What’s the point of going to church anyway? I mean...some of the meanest people I ever met went to church. And...I’ve met some really nice people who never stepped foot in the door. Obviously, going to church doesn’t necessarily make a person more socially tolerable...but it might help.
I’ve been frequently told, “I don’t go to church because there are so many hypocrites there.” I’m not certain those who say that have first-hand knowledge, but they use it as an excuse nonetheless. On one such encounter, I replied, “You know...hypocrites in the church have been bothering me too; let’s figure a way to get rid of them?” Kinda caught him by surprise; he replied, “Well, hypocrites need church too!”
I’m never certain what folks mean when they refer to hypocrites in the church. Do they mean people who intentionally deceive others into thinking their character is good when it is not? Or...are they just talking about people who sometimes stumble in their pursuit of Christ-like living. Somehow I think their “hypocrite” usage is intended to imply that people in church regularly live no better than those who are not. Hmmm...could that be true?
Here’s what I do know as a pastor: I can’t make people spiritual. Wish I could...but I can’t. The Bible is rich with instruction on living as a positive example toward others, and that’s our textbook. We just concentrate on the precepts of God’s Word at church. People with no intentions of being responsive to Biblical teaching don’t typically stay around very long. What would be the point?
On the other hand, I am acquainted with those who are continually making attempts to develop a closer relationship with God; they attend church.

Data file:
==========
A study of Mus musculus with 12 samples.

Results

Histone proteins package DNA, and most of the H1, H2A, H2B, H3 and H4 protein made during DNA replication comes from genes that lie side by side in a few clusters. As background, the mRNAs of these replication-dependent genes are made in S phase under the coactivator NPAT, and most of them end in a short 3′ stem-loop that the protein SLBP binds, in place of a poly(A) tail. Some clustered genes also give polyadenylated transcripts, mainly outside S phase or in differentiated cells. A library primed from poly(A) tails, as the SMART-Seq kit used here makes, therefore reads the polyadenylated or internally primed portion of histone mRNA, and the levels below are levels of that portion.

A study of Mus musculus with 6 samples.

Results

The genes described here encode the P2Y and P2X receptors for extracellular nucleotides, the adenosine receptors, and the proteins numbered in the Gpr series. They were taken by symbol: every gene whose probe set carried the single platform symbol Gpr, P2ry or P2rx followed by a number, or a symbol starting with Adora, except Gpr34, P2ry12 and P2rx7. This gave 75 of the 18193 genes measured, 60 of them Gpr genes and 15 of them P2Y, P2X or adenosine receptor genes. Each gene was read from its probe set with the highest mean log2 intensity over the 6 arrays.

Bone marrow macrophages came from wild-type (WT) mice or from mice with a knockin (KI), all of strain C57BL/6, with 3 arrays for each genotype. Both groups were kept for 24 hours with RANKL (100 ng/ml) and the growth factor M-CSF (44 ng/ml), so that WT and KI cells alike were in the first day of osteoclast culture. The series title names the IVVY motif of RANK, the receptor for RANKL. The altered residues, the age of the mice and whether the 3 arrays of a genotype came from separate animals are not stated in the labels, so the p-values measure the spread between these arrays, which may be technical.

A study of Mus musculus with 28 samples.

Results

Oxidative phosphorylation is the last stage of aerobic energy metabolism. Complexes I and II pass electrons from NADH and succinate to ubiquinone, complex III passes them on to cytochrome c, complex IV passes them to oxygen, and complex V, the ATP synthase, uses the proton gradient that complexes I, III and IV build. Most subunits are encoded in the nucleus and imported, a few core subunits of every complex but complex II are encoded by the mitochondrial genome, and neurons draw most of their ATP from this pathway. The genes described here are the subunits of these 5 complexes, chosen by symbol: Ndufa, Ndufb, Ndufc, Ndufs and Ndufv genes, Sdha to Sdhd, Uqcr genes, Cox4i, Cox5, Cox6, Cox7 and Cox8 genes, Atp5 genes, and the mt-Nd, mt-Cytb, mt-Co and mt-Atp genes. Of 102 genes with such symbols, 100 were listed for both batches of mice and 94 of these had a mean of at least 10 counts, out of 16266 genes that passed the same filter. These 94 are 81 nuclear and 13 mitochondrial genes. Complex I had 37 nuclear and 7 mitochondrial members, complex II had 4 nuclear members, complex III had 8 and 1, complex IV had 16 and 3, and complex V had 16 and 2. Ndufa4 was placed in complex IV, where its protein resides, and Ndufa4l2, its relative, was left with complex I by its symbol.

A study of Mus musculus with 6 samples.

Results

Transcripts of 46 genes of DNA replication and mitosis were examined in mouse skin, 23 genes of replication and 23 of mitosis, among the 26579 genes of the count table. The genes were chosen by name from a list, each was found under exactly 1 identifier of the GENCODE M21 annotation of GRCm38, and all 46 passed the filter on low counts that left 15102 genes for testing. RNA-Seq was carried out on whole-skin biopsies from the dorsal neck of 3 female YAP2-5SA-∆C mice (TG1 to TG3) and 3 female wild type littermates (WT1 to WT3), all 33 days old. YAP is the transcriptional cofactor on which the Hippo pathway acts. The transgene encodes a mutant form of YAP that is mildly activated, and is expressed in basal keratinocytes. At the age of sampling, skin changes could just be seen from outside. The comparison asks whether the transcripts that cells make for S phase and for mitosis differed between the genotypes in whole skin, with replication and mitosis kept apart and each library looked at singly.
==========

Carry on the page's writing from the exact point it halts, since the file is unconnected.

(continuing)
And...sometimes they stumble in their pursuit. Does setbacks in one’s pursuit of Christ-like living constitute hypocrisy? Wow...hope that’s not the definition of hypocrisy! Navigating all of life’s obstacles without stumping your toe every once in a while is near impossible. It’s unfortunate that an infrequent slip of the tongue or negative reaction is often used as the basis for declaring that the church is full of hypocrites.
Well, I’m gonna keep going to church regularly anyway. All in all, my church acquaintances are an impressive bunch of people when compared to other gatherings of folks. I went to a Georgia-Georgia Tech football game once...sat right in the midst of a tough bunch. It never occurred to me to characterize all football fans based upon that crowd that day. I’ve attended civic meetings, sporting events, political gatherings...the character of my church people beat them...hands down.
So...what is it about church, anyway? It’s the value system. When I go to church, I am hanging around with a bunch of folks who share my value system. They may not be perfect, but they all have the same basic perception of what perfection is all about—perfection through the shed blood of Jesus Christ on the cross. That’s why I feel so comfortable around them. They’re like me! And...if you can’t tolerate being around us because we seem like hypocrites to you, we’re sorry; it may help to know that we’re working on it.
Colossians 3:16 says, “Let the word of Christ dwell in you richly in all wisdom; teaching and admonishing one another in psalms and hymns and spiritual songs, singing with grace in your hearts to the Lord.” Did you see? We’re “teaching and admonishing one another.” That’s why we go to church—mutual encouragement in pursuit of Christian living. If you’d like to work on it with us, come join in...another so-called “hypocrite” is always welcome.
Pastor Wayne Turner of Fayette Bible Church in Fayetteville, Georgia is also the author of Bible Track, an online daily Bible-reading schedule and commentary which may be accessed at http://www.bibletrack.org.